Experience a bit of the city in a day with YAMU’s Colombo Trails, a part-tuk part-foot tour of the city’s sights, smells and tastes. Our third in the series is the suburbs, spanning Dehiwala, Mount Lavinia, Rajigiriya, Kotte, Nawala and Nugegoda.
Colombo’s suburbs are a ruddy mix of tree-lined lanes and topsy-turvy dirt roads on which ramshackle houses and grandiose mansions coexist peacefully. While not as pleasant to walk around as Cinnamon Gardens, the ‘burbs have their own charm. In these neighbourhoods there is now a sense of casual rejection towards the idea that a trip into the heart of Colombo is a must to have a pleasant time or find something you need. While that might have been the case in the past, many suburban neighbourhoods have come up in their own right and present the perfect opportunity for a change of scene.
This is less a trail and more a recipe for whiling away hours across various locations in the ‘burbs. Mix and match using a tuk-tuk to get from place to place for best results.
A weekday morning at the Dehiwala Zoo is one well spent. While not in the same league as the ones you find in San Diego or Singapore, the Dehiwala Zoo has a lot of animals worth seeing. The only problem is the entrance fee. 2000 rupees for foreign visitors is a large asking price and a better option (at least for the wallet) would be to skip the zoo and spend the morning lazing on the Dehiwala beach. You can duck into Lani’s nearby for lunch or check out Holhu Ashi next door which is one of the few Maldivian restaurants in Sri Lanka. If you stayed long enough to enjoy the sunset, stop by Burger’s Hut for dinner on the way back.
The centrepiece of this locale is the Mount Lavinia Hotel. A gorgeous specimen of colonial architecture that is over 200 years old, this mansion used to house the British governor of Sri Lanka. The poolside terrace at the hotel has a lovely view, but you are better off having drinks by the beach at Buba. The irony, though, is that while Casadi next door has far better food and service, it does not serve alcohol. Mount Lavinia’s beach, however, is generally busier than its counterpart at Dehiwala, but that also means there are a lot more places to unwind at after you see the sun go down. The famous Golden Mile, Lavinia Breeze and Boat House Café are all popular places – and truthfully quite expensive – but dinner by the beach is something worth forking out for once in a while.
Rajagiriya & Kotte
A round of golf usually means a drive up to Kandy or Nuwara Eliya, but for those without the luxury of a long weekend, the ‘burbs are home to some excellent courses as well. The Royal Colombo Golf Club on Model Farm Road has been a mainstay of the golfing scene in Sri Lanka, while the newer Water’s Edge features beautiful spaces such as The Boardwalk. Near Water’s Edge is the lovely walking path of the Diyatha Uyana, where you will also find stalls to buy plants and flowers and a weekly organic food market.
Down the road from Water’s Edge is Sri Lanka’s Parliament, an iconic Geoffrey Bawa design which sits on the waters of the Diyawanna Oya. You can either try out a boat ride on the lake to getter better view of the Parliament building or watch the competitive softball cricket played at Parliament grounds on a weekend afternoon. There are also two war memorials in the vicinity – the National War Heroes monument on the Parliament grounds and a memorial honouring Indian peacekeepers.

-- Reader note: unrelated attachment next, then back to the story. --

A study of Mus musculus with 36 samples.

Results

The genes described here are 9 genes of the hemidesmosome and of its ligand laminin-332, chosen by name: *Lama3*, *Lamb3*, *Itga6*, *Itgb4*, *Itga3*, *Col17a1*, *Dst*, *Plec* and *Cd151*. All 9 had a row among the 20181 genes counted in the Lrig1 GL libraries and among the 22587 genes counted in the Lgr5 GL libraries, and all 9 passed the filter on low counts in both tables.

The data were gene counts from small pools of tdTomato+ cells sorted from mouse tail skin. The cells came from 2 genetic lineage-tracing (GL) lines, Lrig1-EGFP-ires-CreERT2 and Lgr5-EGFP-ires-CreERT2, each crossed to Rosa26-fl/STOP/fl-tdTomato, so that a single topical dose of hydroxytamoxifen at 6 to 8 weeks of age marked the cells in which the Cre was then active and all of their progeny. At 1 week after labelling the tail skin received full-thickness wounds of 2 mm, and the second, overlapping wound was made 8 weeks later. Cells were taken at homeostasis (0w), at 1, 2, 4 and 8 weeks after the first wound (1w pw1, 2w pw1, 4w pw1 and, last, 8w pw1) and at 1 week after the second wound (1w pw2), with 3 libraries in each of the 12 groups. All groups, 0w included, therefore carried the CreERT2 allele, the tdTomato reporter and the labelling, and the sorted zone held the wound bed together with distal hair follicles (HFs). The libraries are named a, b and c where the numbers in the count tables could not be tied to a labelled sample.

Sadly, there are relatively few restaurants in this area, so if you fancy a meal on your way back, the options are somewhat limited. However, you can check out Coco Citrine on Pannipitiya Road which serves Greek cuisine, while Alumka Food Cabin on the same road serves good rice and curry and is definitely a more affordable option. If you are not hungry and simply want a drink, stop at Rama’s Tea House instead.
Kotte also hides a lot of pieces out of Sri Lanka’s ancient history, which Savan has meticulously curated here. As he puts it, “Kotte doesn’t hold an exalted place in the national memory like the much more ancient Anuradhapura. But the complexities of historical judgment aside, searching for remnants of a lost Kingdom in a modern suburb makes for a great day out.”
Nawala & Nugegoda
The ‘burbs may not be an immediate choice for a meal out because of travelling time, but there are a number of places worth checking out if you get tired of the staple in Colombo. In Nawala, Naniyori does decent Japanese fare while Crossroads of Tasty Caterers fame has a menu stretching a few continents. Go to Chopsticks for Lankanised Chinese food or settle down for an evening at Machan to enjoy that unbeatable combination of Hot Butter Cuttlefish washed down with a Lion Lager.
Nugegoda has a little more to offer than just food. The recently opened Urban Wetland Park which robbed the flyover of its place as the prime attraction is a firm favourite with residents. If you are looking for lunch options nearby, Amro Vegetarian Café has good rice and curry. Alternatively, if you head towards Jubilee Post (tell your tuk-tuk driver Jubilee kanuwa) along Stanley Thilakarathne Mawatha, there is Pasta Hut which does decent Italian food and Jade at the kanuwa itself. Jade definitely passes the Hot Butter Cuttlefish test and has solid fried rice and generous portions. They even do dinner set meal packets, which are a rarity.